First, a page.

DEVELOPMENT OF MODERN CODES
The influence of the Justinian Code was great. Long after Rome fell, Roman law, as codified by Justinian, continued to serve as a source of law in Europe in the form of civil law. Through a 13th-century Spanish code called Siete Partidas (Seven Parts) that was based partly on the Justinian Code, the Justinian Code was later extended to the New World and, with the Siete Partidas, became the basis for the legal systems of most of Latin America.
A modern code is designed to provide a comprehensive statement of the laws in force in a single branch of the law in a logical and convenient arrangement and in precise and unambiguous phraseology. Modern codes include codes of civil, criminal, and public law and codes of civil and criminal procedures.
Statesmen of modern times have regarded legal codes as necessary instruments of national unity and central authority. Napoleon planned the Code Civil des Français, later renamed the Code Napoléon, as a means of consolidating his realm. The Code Napoléon, one of the most important modern codes, is the basis of the legal systems of Belgium, the Netherlands, Romania, Italy, Portugal, Haiti, the state of Louisiana in the United States, and the province of Quebec in Canada. It also influenced the legal systems of a number of Latin American countries.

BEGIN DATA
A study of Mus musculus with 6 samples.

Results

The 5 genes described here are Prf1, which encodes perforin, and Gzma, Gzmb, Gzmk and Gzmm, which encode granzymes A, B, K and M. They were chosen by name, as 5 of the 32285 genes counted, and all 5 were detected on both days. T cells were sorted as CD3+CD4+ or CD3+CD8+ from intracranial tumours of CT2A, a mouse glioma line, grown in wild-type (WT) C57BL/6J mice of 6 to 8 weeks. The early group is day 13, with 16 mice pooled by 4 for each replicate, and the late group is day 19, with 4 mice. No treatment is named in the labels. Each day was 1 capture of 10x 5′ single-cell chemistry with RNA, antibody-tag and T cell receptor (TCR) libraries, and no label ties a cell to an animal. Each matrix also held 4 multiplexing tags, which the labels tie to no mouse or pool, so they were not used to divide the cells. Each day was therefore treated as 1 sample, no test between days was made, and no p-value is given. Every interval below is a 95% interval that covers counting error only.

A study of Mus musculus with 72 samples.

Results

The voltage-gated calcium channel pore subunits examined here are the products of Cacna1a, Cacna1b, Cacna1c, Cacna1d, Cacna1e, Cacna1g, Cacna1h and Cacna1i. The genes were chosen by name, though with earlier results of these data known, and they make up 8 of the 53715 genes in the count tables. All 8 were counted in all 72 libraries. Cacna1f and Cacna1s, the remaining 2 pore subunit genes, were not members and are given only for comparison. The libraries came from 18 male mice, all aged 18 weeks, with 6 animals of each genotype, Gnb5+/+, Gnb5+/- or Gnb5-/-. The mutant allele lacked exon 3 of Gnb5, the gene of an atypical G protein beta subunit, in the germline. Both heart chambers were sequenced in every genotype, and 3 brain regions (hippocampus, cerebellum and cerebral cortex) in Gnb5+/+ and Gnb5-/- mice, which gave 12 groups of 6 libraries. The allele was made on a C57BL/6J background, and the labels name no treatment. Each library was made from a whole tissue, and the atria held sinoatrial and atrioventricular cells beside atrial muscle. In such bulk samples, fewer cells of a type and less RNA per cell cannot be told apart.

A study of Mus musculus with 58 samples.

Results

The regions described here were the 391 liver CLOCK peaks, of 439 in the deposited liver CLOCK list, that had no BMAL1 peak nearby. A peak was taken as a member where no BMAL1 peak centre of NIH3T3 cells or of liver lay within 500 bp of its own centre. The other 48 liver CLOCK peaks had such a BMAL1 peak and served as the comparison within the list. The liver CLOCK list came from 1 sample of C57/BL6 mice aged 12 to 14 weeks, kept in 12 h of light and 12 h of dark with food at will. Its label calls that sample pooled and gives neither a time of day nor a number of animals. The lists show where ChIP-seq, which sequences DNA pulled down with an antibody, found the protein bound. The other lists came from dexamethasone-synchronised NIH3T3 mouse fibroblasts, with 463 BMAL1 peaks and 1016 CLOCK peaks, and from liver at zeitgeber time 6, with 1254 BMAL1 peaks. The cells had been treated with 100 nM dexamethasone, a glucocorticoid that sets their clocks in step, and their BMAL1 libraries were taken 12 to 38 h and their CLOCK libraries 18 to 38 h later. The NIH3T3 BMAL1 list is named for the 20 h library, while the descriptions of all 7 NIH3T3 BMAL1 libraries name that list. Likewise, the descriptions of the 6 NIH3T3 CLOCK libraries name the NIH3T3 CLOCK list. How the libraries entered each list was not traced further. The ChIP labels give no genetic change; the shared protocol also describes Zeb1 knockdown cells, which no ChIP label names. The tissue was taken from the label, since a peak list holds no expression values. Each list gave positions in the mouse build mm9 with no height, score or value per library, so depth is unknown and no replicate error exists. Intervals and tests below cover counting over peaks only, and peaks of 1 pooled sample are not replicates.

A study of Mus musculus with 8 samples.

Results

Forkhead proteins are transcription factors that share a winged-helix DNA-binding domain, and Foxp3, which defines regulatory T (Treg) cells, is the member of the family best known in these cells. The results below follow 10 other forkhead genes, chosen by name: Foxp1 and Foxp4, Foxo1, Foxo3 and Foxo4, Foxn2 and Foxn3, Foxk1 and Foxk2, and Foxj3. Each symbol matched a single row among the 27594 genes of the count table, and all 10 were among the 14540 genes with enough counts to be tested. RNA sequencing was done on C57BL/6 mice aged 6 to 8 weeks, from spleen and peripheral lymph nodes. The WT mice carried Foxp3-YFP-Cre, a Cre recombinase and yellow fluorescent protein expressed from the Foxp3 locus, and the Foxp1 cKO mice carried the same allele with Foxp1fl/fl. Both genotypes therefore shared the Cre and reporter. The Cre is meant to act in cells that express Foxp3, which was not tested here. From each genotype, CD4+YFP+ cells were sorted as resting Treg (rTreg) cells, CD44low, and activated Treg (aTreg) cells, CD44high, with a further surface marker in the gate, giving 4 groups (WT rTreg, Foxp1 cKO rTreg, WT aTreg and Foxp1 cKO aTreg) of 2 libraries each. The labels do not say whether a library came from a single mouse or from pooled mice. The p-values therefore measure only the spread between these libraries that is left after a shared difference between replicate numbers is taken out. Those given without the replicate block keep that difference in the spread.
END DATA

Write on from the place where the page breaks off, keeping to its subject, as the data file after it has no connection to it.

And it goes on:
Other important modern codes include the Danske Lov, proclaimed in 1683 by Christian V of Denmark and Norway; Code Frédéric, or Gesetzbuch (Law Book), proclaimed by the Prussian king Frederick II in 1751 and renamed Landrecht in 1794; and the Gesetzbuch of Germany, issued in 1900, which influenced the later codes of Switzerland, Turkey, and China. Although not a product of secular authority, the Codex Juris Canonici (Code of Canon Law) of the Roman Catholic Church, which came into effect in 1918, is regarded as an important modern code; it marked the culmination of almost 1,900 years of development in the field of canon law.